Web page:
You don’t tug on Superman’s cape, you don’t spit into the wind, you don’t pull the mask off that ole Lone Ranger—unless you’re Google. Then you feel defiant in the face of powerful forces, in this case the historical trend that has knocked previous tech colossi to their knees.
The technology industry operates on grand generational cycles, and those cycles are speeding up. A profound invention creates a new generation of products and a new winner-take-most-of-it leader. The cycles have already deposed IBM and then Microsoft from their tech-industry thrones.
But Google just shrugs, like a teenager told that if he doesn’t stop playing video games, he’ll wind up as a career Wal-Mart greeter. “Most of the emphasis within the company is on the next couple of years, and we tend not to think about longer than that,” says Peter Norvig, Google’s director of research.
Once upon a time, IBM was technology’s superpower. For decades, Big Blue lorded it over an era of big computers in big companies, heavily influencing technology and crushing competitors. Through the mid-1980s, no one could imagine how IBM could stumble.
Then along came personal computers, which ate into IBM’s cost structure and business model until the company lost $5 billion in 1992 and nearly fell to the ground. The PC generation had a new leader: Microsoft. And Microsoft soon towered over the sector.
But the Internet, in turn, has stolen Microsoft’s mojo. Start-ups that used to fret that Microsoft would eat them for breakfast now find the software giant about as threatening as the Abominable Snow Monster after Hermey the Misfit Elf pulled his teeth.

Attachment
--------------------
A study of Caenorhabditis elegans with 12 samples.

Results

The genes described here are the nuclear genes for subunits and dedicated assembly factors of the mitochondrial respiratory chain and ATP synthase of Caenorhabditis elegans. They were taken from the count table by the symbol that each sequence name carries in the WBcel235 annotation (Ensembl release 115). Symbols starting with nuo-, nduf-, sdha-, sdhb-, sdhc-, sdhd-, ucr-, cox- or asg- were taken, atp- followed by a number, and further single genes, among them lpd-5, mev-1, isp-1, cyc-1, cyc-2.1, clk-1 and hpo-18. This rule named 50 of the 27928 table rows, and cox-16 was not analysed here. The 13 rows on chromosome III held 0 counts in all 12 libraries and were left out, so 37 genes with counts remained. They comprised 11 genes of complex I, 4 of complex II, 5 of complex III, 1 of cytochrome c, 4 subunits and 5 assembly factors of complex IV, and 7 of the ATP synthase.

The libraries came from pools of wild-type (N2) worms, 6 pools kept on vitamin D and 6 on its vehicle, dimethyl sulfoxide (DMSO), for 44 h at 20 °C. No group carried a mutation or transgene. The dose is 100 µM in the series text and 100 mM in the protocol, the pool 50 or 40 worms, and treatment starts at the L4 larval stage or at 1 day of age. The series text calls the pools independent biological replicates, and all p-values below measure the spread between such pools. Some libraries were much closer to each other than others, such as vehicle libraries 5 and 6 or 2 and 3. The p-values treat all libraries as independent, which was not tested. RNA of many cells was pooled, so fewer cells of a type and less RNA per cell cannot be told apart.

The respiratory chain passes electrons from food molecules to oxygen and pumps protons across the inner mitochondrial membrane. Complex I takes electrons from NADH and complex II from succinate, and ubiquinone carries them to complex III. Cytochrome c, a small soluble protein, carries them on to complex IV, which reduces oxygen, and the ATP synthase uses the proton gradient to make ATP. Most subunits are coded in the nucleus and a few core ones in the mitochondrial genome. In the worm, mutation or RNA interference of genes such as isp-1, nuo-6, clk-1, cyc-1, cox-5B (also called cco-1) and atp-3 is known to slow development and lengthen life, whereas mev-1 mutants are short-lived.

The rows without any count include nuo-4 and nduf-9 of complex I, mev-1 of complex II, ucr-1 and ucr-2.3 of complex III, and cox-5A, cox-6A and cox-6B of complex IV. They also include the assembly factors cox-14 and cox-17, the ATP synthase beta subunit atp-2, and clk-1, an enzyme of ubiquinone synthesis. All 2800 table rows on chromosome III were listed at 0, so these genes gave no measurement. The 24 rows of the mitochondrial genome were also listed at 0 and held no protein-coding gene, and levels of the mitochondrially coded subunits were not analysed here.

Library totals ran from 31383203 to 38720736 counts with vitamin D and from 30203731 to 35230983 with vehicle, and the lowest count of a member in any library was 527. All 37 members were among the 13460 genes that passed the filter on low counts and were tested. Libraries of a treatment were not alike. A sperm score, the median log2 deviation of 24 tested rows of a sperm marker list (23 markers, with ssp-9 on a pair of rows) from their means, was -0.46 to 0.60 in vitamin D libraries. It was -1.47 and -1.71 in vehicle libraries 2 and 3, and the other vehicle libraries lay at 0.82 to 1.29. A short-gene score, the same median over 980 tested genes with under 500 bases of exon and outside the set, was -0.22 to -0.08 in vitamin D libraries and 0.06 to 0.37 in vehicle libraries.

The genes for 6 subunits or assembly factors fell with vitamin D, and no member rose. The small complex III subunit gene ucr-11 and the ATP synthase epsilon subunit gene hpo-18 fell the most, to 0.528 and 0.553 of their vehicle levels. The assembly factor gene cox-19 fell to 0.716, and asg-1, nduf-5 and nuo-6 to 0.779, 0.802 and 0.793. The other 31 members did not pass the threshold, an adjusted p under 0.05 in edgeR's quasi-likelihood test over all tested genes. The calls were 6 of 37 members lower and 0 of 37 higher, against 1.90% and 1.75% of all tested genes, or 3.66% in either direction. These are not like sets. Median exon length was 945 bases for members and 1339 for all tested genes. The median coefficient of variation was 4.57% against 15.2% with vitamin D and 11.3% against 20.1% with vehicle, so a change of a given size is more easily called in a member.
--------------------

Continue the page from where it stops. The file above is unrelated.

Microsoft, in a way, proved the inevitability of this generational shift. In 1995, then-CEO Bill Gates sent his staff a nine-page memo titled “The Internet Tidal Wave,” detailing how Microsoft could leap from one tech generation to the next. Yet Microsoft failed to make the jump. Everything about the company—its culture, cost structure, bureaucracy—was geared toward making profits from selling complex and expensive software packages. Microsoft never got its collective head into competing against the simple and free stuff available on the Web.
So what about Google? Like IBM in the 1940s and Microsoft in the 1980s, Google is still on the ascent. “It may take 10-plus years for Google’s star to waver,” notes Reid Hoffman, co-founder of LinkedIn. Other top tech executives also give Google about a decade before it faces a transformative moment.
How might that moment arrive? “The Web is doubling in power every two years,” explains Rowan Gibson, co-author of Innovation to the Core. So in 10 years, the Web will be 32 times as powerful as it is now. Then, a Google-style search engine—delivering thousands of results that users must sort—will seem as archaic as card catalogs.
A brainier Web is coming, and the next generation of companies will anticipate your needs. Early this year, much like Gates 14 years ago, Google Senior Vice President of Product Management Jonathan Rosenberg wrote a lengthy memo foretelling a day when a perfect search engine would comprehend all of the world’s information and the meaning behind every user query, and deliver to users not a dump truck full of search results, but The Answer.
If that’s the future, Google figures it will get there in lots of tiny steps rather than major, bet-the-company shifts. Google famously flings a lot of half-cooked spaghetti against the wall (who the heck uses Knol?) to find a few advances that really stick (like Google Earth). The approach “may give us a bit of an edge and let us be more reactive,” research chief Norvig says. He notes that Google’s executives have all read The Innovator’s Dilemma, Clayton Christensen’s best seller explaining these generational shifts. “We say, ‘Gee, that’s compelling, and maybe it will happen to us—or maybe we will be the company that displaces ourselves.’”
And yet, that almost never happens. History says Google will struggle as technology shifts. But good luck figuring out what company might catch the next wave and give Google fits. In 1995, Gates worried about existing companies such as Novell and the start-up Netscape Communications. Neither wound up a serious rival. Google was three years from being born. Fear what you can’t see, not what you can.